Tuesday, May 12, 2015
Taubat Si Tanggang
Today theSun published my interview with Adilfitri Ahmad who talks about his graphic book Taubat Si Tanggang. Here is the full story
Headline: A folktale Reborn
By Bissm S
Adifitri Ahmad a full-time web designer and illustrator, has given the traditional Malay folktale of Si Tanggang a new lease of life in his latest graphic novel, Taubat Si Tanggang (left). Coloured by artists Akmal Aziz and Khairul Ammar and published by Maple Comics, the 100-page book (priced at RM20), recently hit the bookshops.
The original folktale centres on a poor boy named Tanggang who dreams of becoming rich and famous. He leaves his small fishing village to find his dream, despite his mother’s protests. Tanggang works hard and achieves the fame and success he sought, even marrying a beautiful wife. Unfortunately, success has changed him. He forgets about his poor old mother pining for him back in the
village. When his ship happens to sail to his village, he feels ashamed of her and rejects her. Heartbroken, his mother
places a curse on him and a bolt of lightning turns Tanggang, his ship and all the people on it into stone. Adifitri, 35, decided to add to this local folktale by focusing on Tanggang’s life after he has been turned into stone.
In his novel, Tanggang is a stone-creature remorsefully searching for his mother to beg for her forgiveness.
“This is a story of redemption and atonement,” Adifitri said.
It’s a different side of Tanggang from the arrogant, ungrateful character portrayed in the original tale. Along his journey in search of his mother, a humble and remorseful Tanggang performs good deeds. He finds that the more good he does, the more stones disappear from his body, and the more human he becomes. Yet, this book will not end with him finding his mother. Instead, Adifitri is planning two more books before Tanggang finally finds her.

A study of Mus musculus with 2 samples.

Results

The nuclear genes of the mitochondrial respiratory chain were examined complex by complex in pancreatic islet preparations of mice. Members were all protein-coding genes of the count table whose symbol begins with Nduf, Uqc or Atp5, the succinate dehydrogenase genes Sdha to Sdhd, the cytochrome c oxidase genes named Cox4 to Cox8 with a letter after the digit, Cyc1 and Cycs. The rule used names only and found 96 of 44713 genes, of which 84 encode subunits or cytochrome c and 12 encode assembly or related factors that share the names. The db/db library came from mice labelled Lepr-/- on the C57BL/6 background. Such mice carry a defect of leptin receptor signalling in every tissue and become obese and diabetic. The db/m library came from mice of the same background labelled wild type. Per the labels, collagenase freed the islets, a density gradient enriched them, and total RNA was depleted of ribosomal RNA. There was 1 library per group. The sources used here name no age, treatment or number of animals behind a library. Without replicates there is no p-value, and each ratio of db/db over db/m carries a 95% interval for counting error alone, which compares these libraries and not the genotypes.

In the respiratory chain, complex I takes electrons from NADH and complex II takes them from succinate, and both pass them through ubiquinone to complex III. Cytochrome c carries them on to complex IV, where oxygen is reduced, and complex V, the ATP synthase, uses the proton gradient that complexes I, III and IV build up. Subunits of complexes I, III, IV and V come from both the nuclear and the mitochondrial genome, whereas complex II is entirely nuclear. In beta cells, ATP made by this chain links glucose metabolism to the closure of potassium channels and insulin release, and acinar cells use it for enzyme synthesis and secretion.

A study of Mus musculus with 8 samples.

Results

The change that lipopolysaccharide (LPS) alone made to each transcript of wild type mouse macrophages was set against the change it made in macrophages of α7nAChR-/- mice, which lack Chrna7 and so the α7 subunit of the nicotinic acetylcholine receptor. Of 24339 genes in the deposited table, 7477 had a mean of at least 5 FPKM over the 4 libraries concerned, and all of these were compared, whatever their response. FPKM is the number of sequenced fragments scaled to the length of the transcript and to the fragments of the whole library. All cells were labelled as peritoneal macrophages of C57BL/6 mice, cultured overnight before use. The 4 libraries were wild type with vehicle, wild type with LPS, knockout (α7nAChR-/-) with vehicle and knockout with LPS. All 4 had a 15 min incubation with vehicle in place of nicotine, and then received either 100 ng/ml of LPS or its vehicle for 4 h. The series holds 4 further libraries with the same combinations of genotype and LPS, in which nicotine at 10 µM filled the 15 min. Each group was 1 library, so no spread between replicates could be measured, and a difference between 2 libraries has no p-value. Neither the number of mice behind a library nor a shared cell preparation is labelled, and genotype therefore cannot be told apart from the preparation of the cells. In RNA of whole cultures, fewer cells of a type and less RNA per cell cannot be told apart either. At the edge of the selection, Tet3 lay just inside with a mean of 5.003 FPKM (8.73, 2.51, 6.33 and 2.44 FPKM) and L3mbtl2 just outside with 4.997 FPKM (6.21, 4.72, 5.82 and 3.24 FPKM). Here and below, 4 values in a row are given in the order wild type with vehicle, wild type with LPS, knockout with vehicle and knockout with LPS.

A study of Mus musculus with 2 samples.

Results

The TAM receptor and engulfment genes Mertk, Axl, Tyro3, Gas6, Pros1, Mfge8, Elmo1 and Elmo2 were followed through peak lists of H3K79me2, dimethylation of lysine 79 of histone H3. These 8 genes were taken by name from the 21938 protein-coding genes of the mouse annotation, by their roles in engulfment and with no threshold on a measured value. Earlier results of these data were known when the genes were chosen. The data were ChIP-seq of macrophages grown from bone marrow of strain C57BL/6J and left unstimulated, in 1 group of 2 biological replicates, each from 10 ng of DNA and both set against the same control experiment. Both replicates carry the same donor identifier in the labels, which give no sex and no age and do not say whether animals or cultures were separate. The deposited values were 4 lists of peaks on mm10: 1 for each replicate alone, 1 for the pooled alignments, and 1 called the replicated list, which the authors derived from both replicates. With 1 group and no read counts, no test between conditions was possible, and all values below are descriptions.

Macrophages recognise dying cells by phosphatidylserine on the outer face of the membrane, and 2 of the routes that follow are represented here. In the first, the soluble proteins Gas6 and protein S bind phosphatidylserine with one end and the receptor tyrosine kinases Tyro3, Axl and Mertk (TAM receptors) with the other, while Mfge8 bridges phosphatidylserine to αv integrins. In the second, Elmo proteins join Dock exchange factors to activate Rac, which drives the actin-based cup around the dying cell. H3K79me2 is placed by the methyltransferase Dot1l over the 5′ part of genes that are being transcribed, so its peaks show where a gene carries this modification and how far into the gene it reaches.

The illustrator is concerned with the fact that many Malaysians are unaware of this folktale. He said: “I [had] a few friends who asked me who Tanggang is. I do not blame them. Today, you have to compete with so much content and i nformation out there. You have to present your story in an interesting manner if you want to grab attention.
“I am hoping these graphic books will teach [the] younger g eneration to be interested in k nowing Tanggang. And who
knows, they might even dig up the original text.”
Adifitri pointed out that Hollywood is always churning out different interpretations of E uropean fairytales. For example,
the recent film Maleficent is a d ifferent interpretation of the c lassic story of Sleeping Beauty, and the musical film
Into the Woods combines s everal stories to keep the tales interesting and alive for modern audiences. This is what he
is trying to do with Tanggang.
“Some people want Tanggang to be removed from our Malay folk stories,” he lamented.
“They feel the idea of a mother cursing her son and God turning him into stone is not I slamic. “I feel it is a shame if this happens. The story of Tanggang is part of our heritage and culture, and we should appreciate it.”
Recently, Adifitri presented a paper on his graphic novel at a conference in the U niversity of Leeds in the United Kingdom. He hopes this conference will indirectly give some exposure to Malay folk stories in the West.